A new survey by the Global Security & Politics program at the Centre for International Governance Innovation (CIGI) finds that a majority globally (63 per cent) believe that ridesharing services should be regulated similar to taxis. This new data comes at a time when Uber, Lyft and other ridesharing apps continue to expand their products and services to new markets around the world.
The survey also points out that the number of those likely to choose ride-sharing over taxi services is notably higher in emerging economies such as Brazil, India, and China (37 per cent), Latin America (36 per cent) and the Middle East and North Africa (31 per cent). The warmer embrace of ride-sharing technologies by citizens in emerging economies could very well be attributed to less well developed traditional taxi systems.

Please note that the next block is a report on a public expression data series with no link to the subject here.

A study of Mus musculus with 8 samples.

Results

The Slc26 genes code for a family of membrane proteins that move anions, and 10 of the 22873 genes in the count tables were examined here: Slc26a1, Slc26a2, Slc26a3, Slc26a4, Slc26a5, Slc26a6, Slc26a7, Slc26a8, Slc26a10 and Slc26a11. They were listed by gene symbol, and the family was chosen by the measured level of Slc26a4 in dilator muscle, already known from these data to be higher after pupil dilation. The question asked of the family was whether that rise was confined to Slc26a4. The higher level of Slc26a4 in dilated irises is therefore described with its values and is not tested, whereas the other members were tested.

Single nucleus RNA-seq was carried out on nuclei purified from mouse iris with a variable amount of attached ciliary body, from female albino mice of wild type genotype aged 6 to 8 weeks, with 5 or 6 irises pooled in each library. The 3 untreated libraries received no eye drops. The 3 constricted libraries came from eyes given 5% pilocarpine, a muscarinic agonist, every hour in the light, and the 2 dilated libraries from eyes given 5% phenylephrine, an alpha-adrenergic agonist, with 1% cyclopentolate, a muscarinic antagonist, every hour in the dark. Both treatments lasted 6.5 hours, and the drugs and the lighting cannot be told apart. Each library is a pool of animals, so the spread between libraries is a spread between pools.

“Citizens in emerging economies are generally more drawn to ride-sharing applications than those in developed countries”, said CIGI Senior Fellow Eric Jardine. “Despite these differences, one thing that the majority of users around the world agreed on is that the status quo isn’t tenable. Simply put, self-regulation by ride-sharing programs is not enough and governments have a clear role to play in filling this gap with much-needed policy”.
The survey of 24,225 Internet users was conducted by global research company Ipsos, on behalf of CIGI between December 23, 2016, and March 21, 2017. The survey was conducted in 24 countries—Australia, Brazil, Canada, China, Egypt, France, Germany, Hong Kong (China), India, Indonesia, Italy, Japan, Kenya, Mexico, Nigeria, Pakistan, Poland, Republic of Korea, South Africa, Sweden, Tunisia, Turkey, United Kingdom and the United States.